Ron Perelman, one of the wealthiest men in America, sits down for his first ever Q&A.
Marvin R. Shanken
From the Print Edition:
Ron Perelman, Spring 95

(continued from page 1)

Shanken: All the stories I've read about you have a lot of information, but they're never in first person. I'm flattered and honored.

Perelman: It's a pleasure to be here. I've always been afraid of the press. My point of view is that the press could never do me any good, just a lot of harm. And as a result, I just tried to avoid the press. Then we got to a point where that was impossible. I've finally come out of the closet a bit.

Shanken: Let's get right into the interview. It's very unusual for someone to buy a company, sell the company and then buy the same company back, as is the case with Consolidated Cigar Corporation. It's particularly novel when we're talking about a product like a cigar, which is so personal to you. Could you tell us why you acquired Consolidated, why you then sold it and why you decided to buy it back?

Perelman: It's actually very simple. We first saw the company when Gulf & Western owned it. I had negotiated with Charlie Bludhorn and Martin Davis. We reached all the economic points of agreement, but the deal fell apart on technical issues, such as the representations and warranties that we had wanted from Gulf & Western, and that they were reluctant to give. [Consolidated] then ended up being sold in a management buyout. This management group ran into some real personality issues among themselves and ended up in serious litigation, with [Consolidated] suffering because of the lack of a focused manager. I reached out to one of the management group to see whether they'd be interested in selling. Of course they said yes, and we very quickly negotiated a transaction.

Shanken: Did you want to buy Consolidated because it was a business that held a lot of potential for growth or was it because it was a cigar company?

Perelman: I have stayed away from buying companies that I don't think I'd enjoy owning. That's from the point of view of having a product that I think makes people happy or a product that does some good or a product that is just fun and interesting to own and operate. And Consolidated Cigar fit all that. It's a company that I thought had an enormous amount of potential but also had a product that I thought brought people a lot of pleasure. It's also a product that I've got some identification with because I'm such a strong smoker. We bought it, and Theo Folz, who is currently the chief executive officer, was wooed away from another company to join us, and he's done a fabulous job. Then it reached the point where I thought that from a financial point of view we were offered a very attractive price for the company, and I agreed to sell it.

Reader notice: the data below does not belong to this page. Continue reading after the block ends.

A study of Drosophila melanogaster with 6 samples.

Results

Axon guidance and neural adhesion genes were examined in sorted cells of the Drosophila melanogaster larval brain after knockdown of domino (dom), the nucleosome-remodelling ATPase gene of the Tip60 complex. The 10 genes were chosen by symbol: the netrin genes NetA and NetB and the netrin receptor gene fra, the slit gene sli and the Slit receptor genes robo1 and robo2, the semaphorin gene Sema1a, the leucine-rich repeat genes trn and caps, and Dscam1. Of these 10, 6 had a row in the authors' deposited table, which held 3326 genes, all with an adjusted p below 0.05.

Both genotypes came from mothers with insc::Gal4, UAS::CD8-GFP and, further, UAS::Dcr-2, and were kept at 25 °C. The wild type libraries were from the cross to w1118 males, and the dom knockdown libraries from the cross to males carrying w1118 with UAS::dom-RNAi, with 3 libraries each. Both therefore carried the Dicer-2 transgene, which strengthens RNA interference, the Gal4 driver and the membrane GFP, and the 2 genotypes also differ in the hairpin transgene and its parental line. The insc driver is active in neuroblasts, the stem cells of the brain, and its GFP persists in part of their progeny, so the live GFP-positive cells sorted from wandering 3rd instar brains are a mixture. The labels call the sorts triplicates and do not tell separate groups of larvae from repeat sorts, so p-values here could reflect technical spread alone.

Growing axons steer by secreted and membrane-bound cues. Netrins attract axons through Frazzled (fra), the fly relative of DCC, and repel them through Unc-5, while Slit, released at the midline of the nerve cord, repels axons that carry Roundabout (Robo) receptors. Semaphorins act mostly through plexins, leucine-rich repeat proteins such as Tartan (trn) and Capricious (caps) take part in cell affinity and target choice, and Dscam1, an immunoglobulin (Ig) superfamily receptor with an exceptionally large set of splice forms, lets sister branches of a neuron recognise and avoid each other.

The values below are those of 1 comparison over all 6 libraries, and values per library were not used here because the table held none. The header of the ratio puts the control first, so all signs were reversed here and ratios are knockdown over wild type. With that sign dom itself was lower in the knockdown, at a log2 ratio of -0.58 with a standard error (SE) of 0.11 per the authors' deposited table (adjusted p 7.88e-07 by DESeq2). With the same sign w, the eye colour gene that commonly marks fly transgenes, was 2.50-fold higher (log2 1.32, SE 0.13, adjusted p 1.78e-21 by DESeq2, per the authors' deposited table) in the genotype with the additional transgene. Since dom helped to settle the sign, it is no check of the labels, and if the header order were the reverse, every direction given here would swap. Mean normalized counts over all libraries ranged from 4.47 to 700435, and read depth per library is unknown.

Shanken: Was it for sale?

Perelman: No, it wasn't for sale.

Shanken: An investor came to you and said we'd like to buy your cigar company?

Perelman: The LBO funds were very flush with capital, they needed to do transactions, and they were paying up for transactions. And from a financial point of view, the deal was an interesting transaction. But I still really liked the company and really liked the product, so that when I heard that they wanted to sell it again out of the LBO fund, we approached them and said we have serious interest, and in very short order, we negotiated a transaction and bought it back.